I've really been in a funk since the New Year hit and, as much as I've chalked it up to the January blahs, I really had to do some soul searching to determine why I felt so down. Part of it is that my adrenaline has finally run out - that extra little kick that got me through the holidays has been exhausted and now I'm finally coming down. The other piece of this puzzle is the fact that my body internalizes the anxiety of the customers I help, regardless of whether it's justified or not. The stress that surrounds the holidays therefore becomes something larger than just running around the sales floor in a mad panic. Every fear that someone has about a blown dinner party or imperfect gift becomes another ulcer for my sleepless mind. That's not a healthy way to live and I'm now dealing with the after effects.
Two themes in human nature made themselves ever present to me this week. The first is our desire for others to know we're more special than we may come off. I can think of a million examples from my past where I went out of my way to let someone know that I was actually smarter, more talented, or more interesting than I was leading on. It's that chip on our shoulder that cares so much about what society thinks, even if they weren't thinking anything until we put ourselves out there to be judged. I was talking to a friend's mother this week and she told me a story about how a now-famous San Francisco rocker did some construction work at her house many years ago. She remembered him so well because he was adamant about telling her he wasn't really a carpenter, but rather a musician up in the city. Like waiters who are really actors, or unemployed college grads who are really future business leaders, the anxiety surrounding who we think we really are is rampant in the booze world. Every bottle says something about the people we strive to be whether we're actually aware of it or not. Customers are sometimes apologetic at the counter while ringing up everyday bottles of wine, saying things like "I just need something easy for dinner tonight," as if not buying bottles of Pichon Baron made them feel less than. "Normally I'd get something better." I need to do something about alieving this pressure because no one is assessing one's character by scanning the goods at K&L's checkout counter.
The second theme that reared its head this week concerns the subject of worth. Not self worth, but rather the value of a transaction and the validation of its worth by others. Making sure to get some much-needed rest this weekend, I perused a few newspapers on the couch while keeping an eye on Boogie Nights. In the film, after Dirk Diggler finally cashs in on his talent, there's a sequence of jump cuts where he talks up his new house, furniture, and wardrobe to his friends. The whole scene would become the template for the future MTV Cribs. The brilliance of the dialogue is the gut-wrenching naiveté from Dirk as he talks about Italian prints, leather upholstry, and asian art-deco with the authority of a six year old. It's clear he hasn't a clue why his new acquisitions are so luxurious, but they're still important to him and he wants others to understand why they're expensive. PT Anderson captures a quintessential piece of humanity in that sequence. There are reasons why certain whiskies, wines, or tequilas are expensive, but if no one understands but us, then can we really enjoy them?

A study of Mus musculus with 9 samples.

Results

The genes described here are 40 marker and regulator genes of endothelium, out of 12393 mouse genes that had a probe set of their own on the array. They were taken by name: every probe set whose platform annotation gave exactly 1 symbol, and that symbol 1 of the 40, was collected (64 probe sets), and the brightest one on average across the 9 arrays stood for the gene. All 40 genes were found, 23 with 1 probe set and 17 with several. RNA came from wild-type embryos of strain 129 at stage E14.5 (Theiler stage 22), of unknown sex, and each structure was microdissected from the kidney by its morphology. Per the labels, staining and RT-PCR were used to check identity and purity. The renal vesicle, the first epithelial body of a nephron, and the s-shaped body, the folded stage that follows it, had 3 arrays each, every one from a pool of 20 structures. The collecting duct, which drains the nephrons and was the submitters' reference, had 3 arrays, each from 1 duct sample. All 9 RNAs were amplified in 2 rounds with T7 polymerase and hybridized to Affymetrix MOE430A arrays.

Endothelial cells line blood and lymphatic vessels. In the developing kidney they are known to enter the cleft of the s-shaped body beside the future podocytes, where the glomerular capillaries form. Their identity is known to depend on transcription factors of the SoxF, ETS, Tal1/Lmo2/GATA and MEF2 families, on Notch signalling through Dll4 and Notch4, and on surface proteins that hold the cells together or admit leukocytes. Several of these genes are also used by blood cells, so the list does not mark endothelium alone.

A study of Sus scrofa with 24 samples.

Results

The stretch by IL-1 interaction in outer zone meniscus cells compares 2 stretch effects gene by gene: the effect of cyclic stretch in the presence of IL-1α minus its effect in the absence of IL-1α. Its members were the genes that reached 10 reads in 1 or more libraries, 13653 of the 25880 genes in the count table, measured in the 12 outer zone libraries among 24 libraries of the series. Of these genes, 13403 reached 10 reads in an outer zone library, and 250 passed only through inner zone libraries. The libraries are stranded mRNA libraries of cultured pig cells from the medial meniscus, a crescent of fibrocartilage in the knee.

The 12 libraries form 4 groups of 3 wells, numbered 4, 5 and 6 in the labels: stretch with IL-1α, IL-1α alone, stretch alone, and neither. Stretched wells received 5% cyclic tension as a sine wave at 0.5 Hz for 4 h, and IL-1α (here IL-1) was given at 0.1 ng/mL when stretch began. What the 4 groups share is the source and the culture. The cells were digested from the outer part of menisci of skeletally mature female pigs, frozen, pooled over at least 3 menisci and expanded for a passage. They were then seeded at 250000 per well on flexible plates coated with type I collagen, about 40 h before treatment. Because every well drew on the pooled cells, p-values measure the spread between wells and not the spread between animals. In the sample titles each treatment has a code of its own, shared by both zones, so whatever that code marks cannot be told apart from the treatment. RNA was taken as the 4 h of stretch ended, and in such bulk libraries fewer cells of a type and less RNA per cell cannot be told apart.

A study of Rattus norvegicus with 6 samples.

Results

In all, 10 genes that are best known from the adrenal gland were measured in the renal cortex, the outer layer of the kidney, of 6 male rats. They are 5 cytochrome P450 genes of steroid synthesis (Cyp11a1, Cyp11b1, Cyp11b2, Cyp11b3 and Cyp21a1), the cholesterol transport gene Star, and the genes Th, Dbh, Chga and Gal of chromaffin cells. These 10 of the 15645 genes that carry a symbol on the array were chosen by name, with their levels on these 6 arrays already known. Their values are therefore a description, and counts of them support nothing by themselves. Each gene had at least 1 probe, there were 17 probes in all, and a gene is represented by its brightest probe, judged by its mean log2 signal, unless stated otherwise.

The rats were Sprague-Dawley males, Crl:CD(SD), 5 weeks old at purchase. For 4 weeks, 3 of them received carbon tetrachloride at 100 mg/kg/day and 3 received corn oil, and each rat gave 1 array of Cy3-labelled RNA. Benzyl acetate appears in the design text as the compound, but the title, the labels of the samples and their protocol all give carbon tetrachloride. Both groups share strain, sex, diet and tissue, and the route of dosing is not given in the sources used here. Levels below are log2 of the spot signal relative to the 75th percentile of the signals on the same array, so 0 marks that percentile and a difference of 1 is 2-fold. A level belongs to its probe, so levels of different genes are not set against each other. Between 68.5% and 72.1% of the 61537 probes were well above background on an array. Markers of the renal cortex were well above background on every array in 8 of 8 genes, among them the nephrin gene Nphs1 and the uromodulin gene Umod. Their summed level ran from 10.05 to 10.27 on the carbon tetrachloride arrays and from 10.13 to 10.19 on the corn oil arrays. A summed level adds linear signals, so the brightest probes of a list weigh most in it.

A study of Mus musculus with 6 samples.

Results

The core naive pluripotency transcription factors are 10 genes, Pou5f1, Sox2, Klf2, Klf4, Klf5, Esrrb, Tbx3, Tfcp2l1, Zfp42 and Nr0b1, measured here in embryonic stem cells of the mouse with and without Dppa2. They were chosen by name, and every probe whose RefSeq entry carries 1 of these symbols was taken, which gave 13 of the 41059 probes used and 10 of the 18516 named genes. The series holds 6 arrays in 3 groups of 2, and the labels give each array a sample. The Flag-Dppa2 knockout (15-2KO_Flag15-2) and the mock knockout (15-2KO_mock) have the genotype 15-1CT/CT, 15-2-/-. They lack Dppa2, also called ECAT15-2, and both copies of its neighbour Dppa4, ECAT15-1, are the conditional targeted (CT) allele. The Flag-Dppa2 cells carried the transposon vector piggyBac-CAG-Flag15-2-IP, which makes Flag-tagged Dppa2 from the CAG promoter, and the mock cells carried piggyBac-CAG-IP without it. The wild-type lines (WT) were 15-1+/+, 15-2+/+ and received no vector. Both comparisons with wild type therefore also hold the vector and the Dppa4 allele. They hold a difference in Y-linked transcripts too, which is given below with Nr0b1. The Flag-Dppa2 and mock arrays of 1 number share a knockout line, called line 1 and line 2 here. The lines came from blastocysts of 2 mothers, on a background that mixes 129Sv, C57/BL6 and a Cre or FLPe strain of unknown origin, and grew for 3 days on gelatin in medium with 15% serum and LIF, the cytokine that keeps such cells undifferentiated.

There's a book on the window ledge in the K&L public bathroom about becoming a wine expert in an hour. The book advertises on the cover "how to avoid getting ripped off" as one of its main attributes. The fear of purchasing a pricey bottle, only to discover that it's not all we thought it would be is ever-present in the booze world. People want assurance that a wine or whisky will be a guaranteed hit, but how can one guarantee personal taste? Sometimes it isn't about the quality - it's more about the specs. Like Dirk Diggler lets Rollergirl know while dancing at the disco, "this shirt is a limited edition print made by a really famous Italian designer who only imports a few of them a year." The irony of that moment is the fact that Rollergirl really couldn't care less - her eyes glossed over as she acknowledges Dirk's comments out of politeness. I've been in that situation so many times on the sales floor.
My other goal for 2012, along with making K&L a place where we can all feel at ease, is to erase the need for quality justification. If you can't taste why our new single cask whisky, bourbon, Cognac, or tequila is amazing, then I'm not going to fill you in on boring details. Explaining that something is made by hand, on a small farm, in the middle of Easter Island isn't going to be enough to make it on our shelves. Booze needs to speak for itself, so that people can taste the quality upon first sip, thereby removing the need to explain further. I love a good story, and I love telling one even more, but I want our customers to say, "Taste this - it's amazing," rather than "taste this - it's made by a bio-dynamic farmer in Malaysia."
Let's make 2012 the year we live outside of fear and anxiety. Let's drink $5 wine and be happy with it. Let's drink whisky alone sometimes and keep it to ourselves - satisfied with the knowledge that we think it's good.